A KIND of merger mania has begun to grip the bureaucrats in the TUC and in major unions as unions like the GPMU and KFAT are swallowed up by bigger organisations.
The government appears to have given the TUC £10 million to "modernise" the unions by campaigning for mergers. Right wing union leaders and bureaucrats in the TUC have recently asked what kind of trade union movement we would have if we were to build it from afresh today.
Like many debates kicked off by this layer in the unions, the question is abstract and the discussion sterile. Their plan is the creation, by central diktat, of three mega-unions for public service workers, commercial service workers and manufacturing workers.
The right wing has put the reorganisation of the unions firmly on the agenda and we need to develop our response. We believe the union lefts should take this opportunity to argue for a more open, accountable and fighting trade union movement.
We should seek the views of union members in their workplaces and engage with them in their union branches. We should put forward political and industrial arguments to workers and use this merger mania to enhance workplace organisation and power.
So what perspective should the left take on the type of trade union movement needed by today's workers?
The economy is creating smaller and smaller areas of high-wage, high-skilled full time jobs. The most rapidly growing sector is low-skilled, low-waged part time work, and low-paid public sector jobs. Some unions, like Amicus, have argued that we should respond to these changes by concentrating on the decreasing numbers of high skilled, high paid workers, joining in partnership with employers to improve productivity and job security.
They argue that such workers can afford to pay union dues well in excess of the average, and this will help the finances of the movement. In return the unions can help them pursue their individual lifelong learning plans, secure better mortgages and develop professionally at work.
In the face of the massive growth in low-skilled, low-paid McJobs, this approach is simply managing the decline of the trade union movement. The trade union movement is strong when it moves large groups of workers in key sectors of the economy into collective action in defence of their jobs and conditions and to further their demands for a bigger share of the profits created by their work. There is a clear need for a united, strong and fighting general union for the growing numbers of underpaid general workers. We should fight against those who would turn unions away from collective action and into the providers of personal services.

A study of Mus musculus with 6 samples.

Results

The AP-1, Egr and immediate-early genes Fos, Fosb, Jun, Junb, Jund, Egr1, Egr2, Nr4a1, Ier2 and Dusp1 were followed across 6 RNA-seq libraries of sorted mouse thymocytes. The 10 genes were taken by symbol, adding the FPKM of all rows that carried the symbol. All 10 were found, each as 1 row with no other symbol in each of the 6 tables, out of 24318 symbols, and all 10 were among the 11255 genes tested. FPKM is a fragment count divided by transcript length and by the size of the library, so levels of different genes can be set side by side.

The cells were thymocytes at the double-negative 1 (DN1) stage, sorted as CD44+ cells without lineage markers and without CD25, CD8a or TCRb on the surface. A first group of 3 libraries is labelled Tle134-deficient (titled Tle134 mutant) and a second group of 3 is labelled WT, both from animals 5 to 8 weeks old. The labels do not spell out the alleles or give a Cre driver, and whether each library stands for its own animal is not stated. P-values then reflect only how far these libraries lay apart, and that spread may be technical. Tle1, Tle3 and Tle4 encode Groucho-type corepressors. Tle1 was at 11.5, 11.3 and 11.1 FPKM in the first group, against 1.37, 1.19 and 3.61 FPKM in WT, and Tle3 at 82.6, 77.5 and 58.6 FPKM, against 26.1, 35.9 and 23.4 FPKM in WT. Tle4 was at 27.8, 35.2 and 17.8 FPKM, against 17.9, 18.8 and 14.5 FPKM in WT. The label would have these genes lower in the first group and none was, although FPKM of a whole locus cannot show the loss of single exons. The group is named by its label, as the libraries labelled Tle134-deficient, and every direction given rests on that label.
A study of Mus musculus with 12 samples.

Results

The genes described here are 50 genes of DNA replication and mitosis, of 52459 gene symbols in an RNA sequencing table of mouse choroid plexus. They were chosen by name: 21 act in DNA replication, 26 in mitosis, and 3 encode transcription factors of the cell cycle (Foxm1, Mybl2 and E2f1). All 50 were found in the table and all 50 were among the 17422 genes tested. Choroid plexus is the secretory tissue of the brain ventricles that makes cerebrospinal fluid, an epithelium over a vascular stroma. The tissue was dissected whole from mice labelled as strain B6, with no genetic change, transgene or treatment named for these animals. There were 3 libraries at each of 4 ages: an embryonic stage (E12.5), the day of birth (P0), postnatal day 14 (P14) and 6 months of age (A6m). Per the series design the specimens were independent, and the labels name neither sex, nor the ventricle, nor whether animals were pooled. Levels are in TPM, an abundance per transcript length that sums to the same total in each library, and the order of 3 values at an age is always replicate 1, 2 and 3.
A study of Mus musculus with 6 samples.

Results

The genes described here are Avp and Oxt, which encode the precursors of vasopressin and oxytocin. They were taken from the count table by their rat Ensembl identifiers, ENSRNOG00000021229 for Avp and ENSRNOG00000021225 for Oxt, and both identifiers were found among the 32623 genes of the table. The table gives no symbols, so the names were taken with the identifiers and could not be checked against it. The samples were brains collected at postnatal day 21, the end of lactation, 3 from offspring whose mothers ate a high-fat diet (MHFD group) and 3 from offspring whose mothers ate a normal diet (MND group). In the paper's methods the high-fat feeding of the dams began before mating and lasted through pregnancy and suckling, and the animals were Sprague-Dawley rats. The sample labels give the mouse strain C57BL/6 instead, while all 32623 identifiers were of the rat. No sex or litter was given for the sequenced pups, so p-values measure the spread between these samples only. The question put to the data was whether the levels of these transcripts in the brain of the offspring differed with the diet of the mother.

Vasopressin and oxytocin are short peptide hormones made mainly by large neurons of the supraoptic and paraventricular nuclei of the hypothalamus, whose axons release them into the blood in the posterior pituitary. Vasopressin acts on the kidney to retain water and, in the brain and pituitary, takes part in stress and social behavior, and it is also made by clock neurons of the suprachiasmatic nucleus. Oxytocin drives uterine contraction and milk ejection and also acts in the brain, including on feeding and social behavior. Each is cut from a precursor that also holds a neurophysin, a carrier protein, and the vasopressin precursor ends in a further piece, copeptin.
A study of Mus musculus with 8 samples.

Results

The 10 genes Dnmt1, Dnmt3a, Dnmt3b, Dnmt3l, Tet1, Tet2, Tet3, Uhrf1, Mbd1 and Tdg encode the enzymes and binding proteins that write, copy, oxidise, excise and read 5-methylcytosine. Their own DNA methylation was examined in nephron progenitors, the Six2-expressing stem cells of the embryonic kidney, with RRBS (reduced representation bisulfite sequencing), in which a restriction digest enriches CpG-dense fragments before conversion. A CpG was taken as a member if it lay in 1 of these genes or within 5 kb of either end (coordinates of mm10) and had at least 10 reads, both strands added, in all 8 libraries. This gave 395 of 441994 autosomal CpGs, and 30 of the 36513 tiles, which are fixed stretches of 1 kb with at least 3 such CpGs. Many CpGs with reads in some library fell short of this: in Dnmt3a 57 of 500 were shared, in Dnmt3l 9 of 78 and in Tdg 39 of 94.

The GMB and TGWU unions have both elected new leaders recently. On both occasions the Labour Party and the TUC were heavily involved in promoting their candidate-with great success in the case of the GMB.
Both unions have suffered from an absence of leadership in recent years and both unions, in the face of these opportunities to organise general workers to fight back, have largely failed to act quickly or decisively enough. Too much time and energy has also been spent by both unions competing with each other.
At the insistence of the banks, the GMB has had to sell all its assets and sack a quarter of its officials to overcome massive debts. The GMB is now at the centre of a storm of speculation over possible merger. Battle lines are being drawn up and the fight is between two opposing visions of the future of unions in Britain-one fighting, campaigning and winning on workers' issues, the other capitulation and appeasement of the bosses.
There are two possible outcomes. The bureaucrats in the TUC and the GMB will organise a takeover of GMB's 500,000 members by Amicus. This will boost the votes cast at the TUC and Labour Party by Derek Simpson and Kevin Curran, and help to enshrine the partnership, personal and professional services model of trade unionism.
This would leave the TGWU out in the cold to be picked off at a later date by Amicus. Alternatively, TGWU and GMB members organise in their branches to win the right to vote on the merger and to establish a single general union. We believe the campaign must start now among GMB and TGWU members to build broad support for the creation of this powerful general union.
Of equal importance should be a campaign within the GMB branches and workplaces to oppose the bureaucrats in Amicus, the GMB and TUC who seek to feather their own nest by conning members into accepting a takeover by Amicus. For a TGWU and GMB merger! For a fighting general union!